CANBERRA, AUSTRALIA (BNS): An international CSIRO-led team of astronomers has developed a new way to weigh the planets in our Solar System – using radio signals from the small spinning stars called pulsars.

Observations of a set of four of these pulsars, were used to calculate the masses of Mercury, Venus, Mars, Jupiter and Saturn, including their moons, says an international team led by Germany's Max Planck Institut für Radioastronomie.

"This is first time anyone has weighed entire planetary systems – planets with their moons and rings," team leader Dr David Champion from Germany’s Max-Planck-Institut für Radioastronomie, was quoted as saying in the Commonwealth Scientific and Industrial Research Organisation (CSIRO) news release.

Until now, astronomers have weighed planets by measuring the orbits of their moons or of spacecraft flying past them. That’s because mass creates gravity, and a planet’s gravitational pull determines the orbit of anything that goes around it – both the size of the orbit and how long it takes to complete.

The new method is based on corrections astronomers make to signals from pulsars – small spinning stars that deliver regular ‘blips’ of radio waves.

The Earth is travelling around the Sun, and this movement affects exactly when pulsar signals arrive here.

To remove this effect, astronomers calculate when the pulses would have arrived at the Solar System’s centre of mass, or barycentre, around which all the planets orbit.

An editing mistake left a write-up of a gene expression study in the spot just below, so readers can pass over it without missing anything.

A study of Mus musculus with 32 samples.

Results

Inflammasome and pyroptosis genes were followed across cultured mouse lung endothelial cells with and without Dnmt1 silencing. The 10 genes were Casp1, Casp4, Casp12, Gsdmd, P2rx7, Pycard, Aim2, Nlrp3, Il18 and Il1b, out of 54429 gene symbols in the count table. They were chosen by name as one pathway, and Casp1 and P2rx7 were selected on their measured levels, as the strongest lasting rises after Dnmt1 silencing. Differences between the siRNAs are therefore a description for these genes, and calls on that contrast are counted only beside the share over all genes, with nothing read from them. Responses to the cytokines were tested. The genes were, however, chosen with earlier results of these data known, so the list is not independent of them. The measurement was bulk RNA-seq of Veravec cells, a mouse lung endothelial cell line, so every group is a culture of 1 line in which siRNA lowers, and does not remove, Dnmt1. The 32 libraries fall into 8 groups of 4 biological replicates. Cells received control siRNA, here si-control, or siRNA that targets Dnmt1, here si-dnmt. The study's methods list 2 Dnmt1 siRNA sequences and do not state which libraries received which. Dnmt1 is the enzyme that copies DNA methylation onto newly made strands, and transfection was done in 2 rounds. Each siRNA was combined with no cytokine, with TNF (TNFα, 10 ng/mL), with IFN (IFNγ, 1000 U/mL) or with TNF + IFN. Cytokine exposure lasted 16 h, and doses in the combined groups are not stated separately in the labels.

Because the arrangement of the planets around the Sun changes all the time, the barycentre moves around too.

To work out its position, astronomers use both a table (called an ephemeris) of where all the planets are at a given time, and the values for their masses that have already been measured.

"if these figures are slightly wrong, and the position of the barycentre is slightly wrong, then a regular, repeating pattern of timing errors appears in the pulsar data but if all are correct then the timing errors disappear. This is the feedback process that the astronomers have used to determine the planets’ masses," CSIRO Astronomy and Space Science (CASS) researcher, Dr Dick Manchester said, according to the release.

The new technique is quite precise sensitive to about 0.003 per cent of Earth's mass, and a tenth of a millionth of Jupiter's mass. And in the future combining pulsar timing with existing data sets will lead to even greater precision, the astronomers say.

In fact, the new method is based on corrections the astronomers make to signals from pulsars -- small spinning stars that deliver regular "blips" of radio waves.